School pictures are as much a part of our school calendar as homework, assemblies, and Country Market Day.
And our 5th graders have been through the routines of getting class and individual pictures for some six years: Line up. Sit here. Stand there. Smile. Head up. Chin down. Say cheese.
This past September, my class went through the steps of getting their pictures taken outside on the Big Toy, following the instructions of the photographers.
The students noticed something different in the posing instructions this year.
“The boys were asked to put their hands on their chins in a ‘thinking pose,’ while the girls were not,” Sadie Foer reported to me and her friends after she had finished her pictures and we were waiting in the cool morning sun.
“Do they think that girls don’t like to think?” asked Asha Adiga-Biro, clearly agitated.
Others reported that the girls were asked to push their hair to one side and pose in a certain way, to put their fingers in belt loops, to pop their hips to one side or the other. The boys shared how strange they had felt during their sessions as well.
As we finished up our snack that morning and the conversation continued, Nell Cox suggested, “We should write a letter to let the company know the problem with the poses their photographers suggested!”
Katie Keeley opened up her Chromebook and the letter writing began.
Our students’ words worked. In November, the owner of the photography company contacted the School, asking for a meeting with the students to discuss their concerns. When I shared this news with the letter writers, they promptly began planning their presentation points. We also met with Lower School counselor Meryl Heyliger to discuss options, helping to refine their thinking and ready discussion points.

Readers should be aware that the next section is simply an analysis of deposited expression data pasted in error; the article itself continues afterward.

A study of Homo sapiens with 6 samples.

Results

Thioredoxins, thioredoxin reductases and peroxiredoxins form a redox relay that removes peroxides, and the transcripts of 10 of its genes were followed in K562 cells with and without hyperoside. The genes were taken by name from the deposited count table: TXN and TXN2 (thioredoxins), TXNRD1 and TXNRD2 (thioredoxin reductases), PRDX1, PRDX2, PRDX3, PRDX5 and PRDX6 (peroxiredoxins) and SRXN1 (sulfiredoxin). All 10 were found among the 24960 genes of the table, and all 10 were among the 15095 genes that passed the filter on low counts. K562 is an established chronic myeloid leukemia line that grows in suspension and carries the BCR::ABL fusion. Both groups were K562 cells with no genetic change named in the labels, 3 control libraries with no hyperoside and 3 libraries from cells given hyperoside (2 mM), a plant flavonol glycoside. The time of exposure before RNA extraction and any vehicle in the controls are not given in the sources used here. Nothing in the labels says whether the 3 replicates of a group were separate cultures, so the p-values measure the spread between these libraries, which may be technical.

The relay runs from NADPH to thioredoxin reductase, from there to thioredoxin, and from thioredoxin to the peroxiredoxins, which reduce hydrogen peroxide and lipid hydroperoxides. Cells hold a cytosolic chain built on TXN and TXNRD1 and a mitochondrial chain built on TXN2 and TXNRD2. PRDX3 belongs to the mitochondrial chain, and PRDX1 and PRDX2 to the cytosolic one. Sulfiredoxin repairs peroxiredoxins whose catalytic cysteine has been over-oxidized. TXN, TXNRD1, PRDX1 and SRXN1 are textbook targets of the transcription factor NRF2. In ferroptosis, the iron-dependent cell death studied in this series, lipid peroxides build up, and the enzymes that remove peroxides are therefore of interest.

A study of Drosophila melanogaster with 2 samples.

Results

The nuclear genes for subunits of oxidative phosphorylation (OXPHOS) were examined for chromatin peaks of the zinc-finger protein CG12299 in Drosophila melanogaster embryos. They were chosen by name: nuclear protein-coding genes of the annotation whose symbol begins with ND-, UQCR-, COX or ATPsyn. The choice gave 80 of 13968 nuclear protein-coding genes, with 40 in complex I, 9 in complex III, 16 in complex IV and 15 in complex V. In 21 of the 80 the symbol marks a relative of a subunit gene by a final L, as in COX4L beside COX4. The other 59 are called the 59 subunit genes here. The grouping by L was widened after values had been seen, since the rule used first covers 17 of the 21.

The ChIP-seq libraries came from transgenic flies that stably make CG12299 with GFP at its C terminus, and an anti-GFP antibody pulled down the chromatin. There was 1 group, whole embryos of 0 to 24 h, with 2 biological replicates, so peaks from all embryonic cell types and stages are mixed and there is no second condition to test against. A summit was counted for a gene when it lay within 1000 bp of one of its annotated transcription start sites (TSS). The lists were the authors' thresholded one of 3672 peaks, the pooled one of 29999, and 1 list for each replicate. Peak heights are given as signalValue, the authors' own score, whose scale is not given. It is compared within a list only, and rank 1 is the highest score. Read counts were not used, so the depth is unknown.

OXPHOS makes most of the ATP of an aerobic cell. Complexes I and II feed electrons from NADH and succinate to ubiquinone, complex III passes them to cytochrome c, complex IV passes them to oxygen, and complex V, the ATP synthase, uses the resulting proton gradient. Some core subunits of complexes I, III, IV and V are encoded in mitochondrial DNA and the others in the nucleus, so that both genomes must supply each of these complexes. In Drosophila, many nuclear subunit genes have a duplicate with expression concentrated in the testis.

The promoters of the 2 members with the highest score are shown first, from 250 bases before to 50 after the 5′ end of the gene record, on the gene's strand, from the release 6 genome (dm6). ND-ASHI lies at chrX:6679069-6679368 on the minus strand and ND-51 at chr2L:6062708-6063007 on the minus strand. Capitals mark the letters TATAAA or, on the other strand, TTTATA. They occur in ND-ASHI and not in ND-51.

The meeting with the owner of the photography company went well. The owner and her lead photographer met with the four students, Meryl, and me, and they were very open to what each student had to say. She explained that she had never received any feedback from students before regarding the way that they are instructed to pose.
The students made a point of expressing their concern and discomfort with being told to pose in “overly feminine” poses: “We don’t think gender should have anything to do with the way we pose for our photographs.”
When the owner asked the girls to show ways that they WOULD like to pose, Asha flexed her muscles and held her arms up at right angles, and said, “Like this!”
My students walked in my door in the fall ready to spot injustice when it appeared—thanks to the amazing work of their teachers over the years at the GDS Lower School. Not only were they prepared to stand up for themselves and their identities, their energy, ideas, intelligence, creativity, empathy, and morality were on full display. The best thing I could do for the kids was to share my enthusiasm and provide any support they needed—but mostly just get out of their way and watch them make a difference.